Letter IEDI n. 1048–Industry in the final stretch of 2020
After leading the GDP revival in Q3/20, the industry maintained its growth trajectory at the beginning of the last quarter 2020, according to the most recent IBGE monthly data for industrial production, leading to an improvement in the confidence of the sector's businesspeople. The continuity of this process is important because the industry is still far from what it was before the 2015/2016 crisis.
Judging by October's result, however, the sector may experience some accommodation at the turn of the year, already reflecting, among other factors, the decrease in the emergency aid to families. In Oct/20, the general industry’s output increased +1.1% versus Sep/20, seasonally adjusted. In other words, in this sixth month of recovery, the pace of growth fell by half compared to the previous month.
Some deceleration was expected, since the bases of comparison are getting bigger, but the fact that 42% of the industrial branches are still below pre-crisis production levels suggests that this behavior may be happening too soon, if it continues in the coming months.
The month of Oct/20 was also the first time that not all industrial macro sectors were able to register an increase in production. Half of them was in the red, although very close to stability. Among the 26 branches monitored by the IBGE, 11 did not grow in relation to Sep/20.
Intermediate goods (-0.2%), the core of the industrial system—producing inputs and components for other activities—remained with unfavorable results. So did semi and non-durable consumer goods (-0.1%), which tend to gather branches that are more labor-intensive and better distributed across the national territory.
The latter macro-sector was strongly influenced by falls in the sectors of beverages (-0.3%), food (-2.8%) and perfumery, soaps and cleaning products (-4.2%), catalyzing, in addition to the reduction in the emergency aid, price increases in some of these products, especially food. As a result, the macro-sector as a whole was practically at the same level as Feb/20 (-0.1%), that is, prior to the COVID-19 shock.
In intermediate goods, the virtually flat rate of Oct/20 came with output already above the pre-pandemic level (+3.0% compared to Feb/20) and four months ago it was at levels higher than those of the same period of 2019. Compared to Oct/19, the figure was +3.2%.
In fact, the recently observed production chains bottlenecks occur precisely in many branches of intermediates, a result of the misalignment between companies' expectations and the effective evolution of their markets. This was aggravated by the existence of low inventory levels, which reduced the resilience of the chains. Among the branches with the lowest stocks are textiles, metal products, plastic material and non-metallic minerals. According to CNI data, 92% of the industrial sectors have below-planned inventories.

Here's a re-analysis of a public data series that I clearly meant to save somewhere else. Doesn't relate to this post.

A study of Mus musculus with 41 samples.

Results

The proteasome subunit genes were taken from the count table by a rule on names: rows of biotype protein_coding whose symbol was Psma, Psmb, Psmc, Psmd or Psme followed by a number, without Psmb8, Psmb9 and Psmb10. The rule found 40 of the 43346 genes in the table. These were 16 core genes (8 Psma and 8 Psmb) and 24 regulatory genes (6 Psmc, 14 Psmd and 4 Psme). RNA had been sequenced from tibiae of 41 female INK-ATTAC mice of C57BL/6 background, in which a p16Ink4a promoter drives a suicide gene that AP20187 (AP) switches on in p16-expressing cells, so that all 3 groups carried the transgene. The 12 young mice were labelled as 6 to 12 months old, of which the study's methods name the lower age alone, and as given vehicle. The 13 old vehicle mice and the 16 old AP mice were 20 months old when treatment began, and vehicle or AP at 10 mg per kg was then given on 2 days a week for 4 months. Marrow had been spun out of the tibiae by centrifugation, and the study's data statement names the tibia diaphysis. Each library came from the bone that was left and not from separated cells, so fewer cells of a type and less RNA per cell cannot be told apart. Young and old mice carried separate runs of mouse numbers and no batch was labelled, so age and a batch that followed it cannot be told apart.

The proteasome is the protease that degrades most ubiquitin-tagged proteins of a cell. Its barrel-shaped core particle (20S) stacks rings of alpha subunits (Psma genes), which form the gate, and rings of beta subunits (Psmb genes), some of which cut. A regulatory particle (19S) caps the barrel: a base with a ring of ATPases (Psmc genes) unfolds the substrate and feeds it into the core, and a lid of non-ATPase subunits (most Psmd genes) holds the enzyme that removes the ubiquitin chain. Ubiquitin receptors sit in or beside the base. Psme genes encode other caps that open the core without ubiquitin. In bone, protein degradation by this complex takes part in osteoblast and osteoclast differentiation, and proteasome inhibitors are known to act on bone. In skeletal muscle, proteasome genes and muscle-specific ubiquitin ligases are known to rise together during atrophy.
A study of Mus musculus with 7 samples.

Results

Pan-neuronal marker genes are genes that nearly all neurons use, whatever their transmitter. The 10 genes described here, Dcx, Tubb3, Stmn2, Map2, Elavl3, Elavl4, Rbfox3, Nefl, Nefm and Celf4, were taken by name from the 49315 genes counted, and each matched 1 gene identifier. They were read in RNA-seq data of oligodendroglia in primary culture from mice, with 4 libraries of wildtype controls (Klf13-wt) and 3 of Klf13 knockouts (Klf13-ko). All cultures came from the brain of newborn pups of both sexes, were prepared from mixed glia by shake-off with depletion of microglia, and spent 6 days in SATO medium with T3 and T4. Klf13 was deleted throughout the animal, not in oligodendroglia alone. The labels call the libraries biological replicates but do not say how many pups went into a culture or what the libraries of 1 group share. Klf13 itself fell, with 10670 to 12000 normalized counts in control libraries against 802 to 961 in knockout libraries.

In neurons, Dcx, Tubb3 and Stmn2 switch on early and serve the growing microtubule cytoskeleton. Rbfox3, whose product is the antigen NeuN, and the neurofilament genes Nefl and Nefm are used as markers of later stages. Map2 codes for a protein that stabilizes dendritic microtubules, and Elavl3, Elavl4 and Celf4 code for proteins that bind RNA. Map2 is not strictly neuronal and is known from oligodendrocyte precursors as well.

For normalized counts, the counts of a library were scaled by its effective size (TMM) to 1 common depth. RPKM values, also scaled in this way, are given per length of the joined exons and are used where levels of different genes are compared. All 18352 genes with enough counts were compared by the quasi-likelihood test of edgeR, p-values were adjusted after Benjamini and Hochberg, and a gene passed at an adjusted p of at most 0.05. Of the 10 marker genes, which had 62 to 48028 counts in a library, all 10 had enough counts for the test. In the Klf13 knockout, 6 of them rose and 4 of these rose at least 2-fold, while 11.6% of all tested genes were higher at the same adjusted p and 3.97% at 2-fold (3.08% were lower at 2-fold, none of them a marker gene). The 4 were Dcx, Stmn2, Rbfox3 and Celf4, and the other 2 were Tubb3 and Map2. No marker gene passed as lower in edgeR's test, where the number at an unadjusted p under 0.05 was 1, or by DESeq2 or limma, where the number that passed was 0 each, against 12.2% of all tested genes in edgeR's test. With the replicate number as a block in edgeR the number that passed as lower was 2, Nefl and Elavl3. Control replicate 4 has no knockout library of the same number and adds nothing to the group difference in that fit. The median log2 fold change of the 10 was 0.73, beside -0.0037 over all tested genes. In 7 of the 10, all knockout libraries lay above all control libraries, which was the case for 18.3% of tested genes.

Among the macro-sectors whose output increased from Sep/20 to Oct/20, durable consumer goods registered +1.4%, after seasonal adjustment, but this implied an important loss of pace, since it had grown more than +9% both in Aug/20 and Sep/20. It should be emphasized that this fraction of the industry has not yet returned to the pre-crisis production level, being 4.2% below Feb/20.
Capital goods, in turn, managed to maintain the recent pattern of growth, with +7% in the seasonally adjusted series. As a result, they were 3.5% above the pre-crisis level. Performance was also positive (+2.1%) in relation to Oct/19, despite the adverse number-of-working-days effect (Oct/20 had 2 fewer than Oct/19). Good results came from capital goods produced for the industry itself, for construction and for agriculture.
Thus, the most recent edition of the Central Bank's Focus Bulletin, with expectations collected on Dec 04, indicates a 5% contraction of industrial production in 2020 as a whole. If it comes to pass, this performance will not be worse than only those of 2015 (-8.3%) and 2016 (-6.4%). For industrial GDP, the recent projection is -3.9% compared to -3.4% at the end of November, when a sequence of successive improvements started in early Aug/20 was interrupted.